GLOBAL BILLET WRAP: Demand remains muted in most markets
Steel billet prices in most global markets were largely unchanged or edged downward during the week from Monday July 30 to Friday August 3, due to limited buying interest and uncertainty about the impending United States sanctions on Iran.
China was the exception, with higher billet prices in the country driven by enforced production cuts.
Import prices in Southeast Asia were largely unchanged during the week, with soft seasonal demand and tight supply keeping offer and transaction levels steady.
Slow buying of rebar in the region’s domestic markets resulted in weak buying interest for billet, while the rainy season in the Philippines has damped demand since early June.
Filipino buyers did, however, purchase large volumes of billet from the Commonwealth of Independent States (CIS) at around $545-550 per tonne cfr.
Most market participants estimated that the workable price range in the market remained at $545 per tonne cfr Manila.
“The acceptable price will probably move up a little to $550 per tonne cfr soon,” a trader based in the Philippines said on Friday.
There were also more offers and bookings reported for cheaper billet made in induction furnaces (IF) during the week, amid reduced supply of billet produced in blast furnaces or electric-arc furnaces.
Transactions involving IF billet from India and Vietnam were concluded to Southeast Asia at $530-536 per tonne cfr throughout the week.
China’s domestic billet prices were 3,850 yuan ($562) per tonne on Friday, up by 60 yuan per tonne from a week earlier due to tight supply, caused by steel production cuts in the country, enforced to satisfy environmental protection regulations.
The inventory for the semi-finished product in Tangshan was 330,000 tonnes on Friday, up by 20,000 tonnes from the previous week, a billet trader in Tangshan said, quoting a local industry information provider.
Based on domestic prices, Chinese export offers for billet would be around $530-535 per tonne fob, an export trader in eastern China said. No export deals were heard during the week.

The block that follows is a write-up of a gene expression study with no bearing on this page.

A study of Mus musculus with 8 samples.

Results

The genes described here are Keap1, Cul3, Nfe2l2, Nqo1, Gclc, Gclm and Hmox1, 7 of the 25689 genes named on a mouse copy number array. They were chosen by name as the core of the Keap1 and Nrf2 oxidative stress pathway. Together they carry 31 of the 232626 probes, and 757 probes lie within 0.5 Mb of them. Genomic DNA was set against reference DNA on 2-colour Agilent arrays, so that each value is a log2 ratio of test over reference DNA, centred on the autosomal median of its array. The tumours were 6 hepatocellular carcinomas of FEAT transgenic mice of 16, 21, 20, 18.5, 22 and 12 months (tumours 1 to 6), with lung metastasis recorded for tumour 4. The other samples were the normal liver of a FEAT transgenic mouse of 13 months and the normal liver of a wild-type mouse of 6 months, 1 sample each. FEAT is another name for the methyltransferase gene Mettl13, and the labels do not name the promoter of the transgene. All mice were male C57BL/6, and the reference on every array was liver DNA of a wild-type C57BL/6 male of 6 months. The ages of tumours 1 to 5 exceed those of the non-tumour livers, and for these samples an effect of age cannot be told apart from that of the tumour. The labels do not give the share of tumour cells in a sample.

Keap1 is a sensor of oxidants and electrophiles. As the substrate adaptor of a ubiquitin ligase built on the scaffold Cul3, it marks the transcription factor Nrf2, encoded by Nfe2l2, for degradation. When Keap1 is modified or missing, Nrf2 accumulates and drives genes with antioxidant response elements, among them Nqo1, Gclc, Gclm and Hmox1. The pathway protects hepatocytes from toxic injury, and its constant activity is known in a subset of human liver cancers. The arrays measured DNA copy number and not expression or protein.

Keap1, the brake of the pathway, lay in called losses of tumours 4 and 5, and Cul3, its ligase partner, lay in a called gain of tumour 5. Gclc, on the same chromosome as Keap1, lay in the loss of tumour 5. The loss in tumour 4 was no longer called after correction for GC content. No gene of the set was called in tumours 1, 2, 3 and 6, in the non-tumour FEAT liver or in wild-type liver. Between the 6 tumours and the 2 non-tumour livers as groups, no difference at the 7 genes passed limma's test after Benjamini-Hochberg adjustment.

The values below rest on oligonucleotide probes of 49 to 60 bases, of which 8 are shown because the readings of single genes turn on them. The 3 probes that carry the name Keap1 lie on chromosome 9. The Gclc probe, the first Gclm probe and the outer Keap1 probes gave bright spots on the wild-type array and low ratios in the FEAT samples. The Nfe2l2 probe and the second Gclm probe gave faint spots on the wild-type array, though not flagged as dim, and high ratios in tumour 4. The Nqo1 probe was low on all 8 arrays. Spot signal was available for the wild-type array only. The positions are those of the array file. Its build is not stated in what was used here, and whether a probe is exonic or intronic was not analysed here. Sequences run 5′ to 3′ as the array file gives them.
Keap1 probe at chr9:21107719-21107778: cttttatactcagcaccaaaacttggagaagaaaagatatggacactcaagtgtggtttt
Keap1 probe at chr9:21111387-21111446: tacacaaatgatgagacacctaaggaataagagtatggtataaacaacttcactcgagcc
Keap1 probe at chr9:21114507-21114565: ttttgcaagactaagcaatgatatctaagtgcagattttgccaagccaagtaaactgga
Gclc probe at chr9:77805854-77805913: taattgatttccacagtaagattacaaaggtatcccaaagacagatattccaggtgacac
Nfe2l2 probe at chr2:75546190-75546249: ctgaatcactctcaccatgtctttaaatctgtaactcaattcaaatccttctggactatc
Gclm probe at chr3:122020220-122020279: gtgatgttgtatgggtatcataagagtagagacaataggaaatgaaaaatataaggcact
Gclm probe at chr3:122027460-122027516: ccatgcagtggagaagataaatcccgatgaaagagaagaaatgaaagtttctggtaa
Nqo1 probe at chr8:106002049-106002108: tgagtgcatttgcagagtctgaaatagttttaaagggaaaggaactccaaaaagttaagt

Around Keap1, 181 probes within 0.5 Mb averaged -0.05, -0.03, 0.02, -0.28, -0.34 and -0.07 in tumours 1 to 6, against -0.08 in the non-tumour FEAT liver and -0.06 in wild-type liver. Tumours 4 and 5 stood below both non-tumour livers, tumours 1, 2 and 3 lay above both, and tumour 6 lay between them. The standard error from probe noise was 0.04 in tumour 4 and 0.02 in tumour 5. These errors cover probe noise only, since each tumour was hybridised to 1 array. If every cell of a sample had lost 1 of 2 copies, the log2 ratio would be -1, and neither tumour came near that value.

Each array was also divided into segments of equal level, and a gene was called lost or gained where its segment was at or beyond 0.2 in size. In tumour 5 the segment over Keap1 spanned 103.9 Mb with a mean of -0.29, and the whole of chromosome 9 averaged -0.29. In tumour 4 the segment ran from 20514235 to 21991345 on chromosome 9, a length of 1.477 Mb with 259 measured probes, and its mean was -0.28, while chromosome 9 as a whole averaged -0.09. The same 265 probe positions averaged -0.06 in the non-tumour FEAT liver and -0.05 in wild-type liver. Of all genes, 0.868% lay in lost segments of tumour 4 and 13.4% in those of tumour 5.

The CIS billet export market was rather quiet during the week to Friday.
Although buying activity was sluggish in the majority of import destinations, CIS mills were nonetheless targeting prices of at least $500 per tonne fob Black Sea, citing reduced availability of the product in the market.
Turkish customers refrained from booking CIS billet because Turkey’s currency was losing value while local demand for finished long steel was shrinking.
Interest in billet imports was also low in Egypt due to the slow rebar sales within the country, as well as sufficient billet stocks purchased in previous weeks.
That being said, an Egyptian buyer was rumored to have purchased a Russian cargo at $500 per tonne fob Black Sea.
Given the weak demand in the Middle East-North Africa region, CIS producers turned to Southeast Asia instead, where trading was more active.
Offers from the Black Sea basin to Southeast Asia were around $500-505 per tonne fob.
Middle East, North Africa
No improvement in the Middle Eastern steel markets is expected until the end of August, after the Hajj and Eid al Adha religious celebrations.
In Iran, export prices for the semi-finished product softened during the week ended Wednesday, because buying activity in the major outlets was limited by the imminent renewal of US trading sanctions. The sanctions are expected to come into force on August 6.
At the same time, however, there was less billet available for export due to the Iranian government’s request that more steel products be allocated to domestic customers, where demand has increased significantly.
Offers of Iranian billet in the United Arab Emirates were heard at $510-515 per tonne cfr, equivalent to $490-495 per tonne fob.
But buyers in the UAE were not interested in Iranian billet due to the threat of US sanctions.
Prices for domestic and imported rebar in the UAE fell amid weak seasonal demand during the week to Tuesday, although billet import prices were relatively steady.
Oman offered billet to the UAE at $530-535 per tonne cfr, while suppliers in the CIS region were asking for $540-545 per tonne cfr.
“UAE re-rollers have already secured billets until October,” a source said. “There is no hurry to book.”
Egypt’s billet import prices decreased slightly with lower offers in the market during the week to Thursday, while its domestic rebar prices were unchanged on slow demand.
CIS-origin billet was offered in Egypt at $520-525 per tonne cfr, but no major deals were reported.
Jessica Zong in Shanghai, Vlada Novokreshchenova in Dnepr and Serife Durmus in Bursa contributed to this report.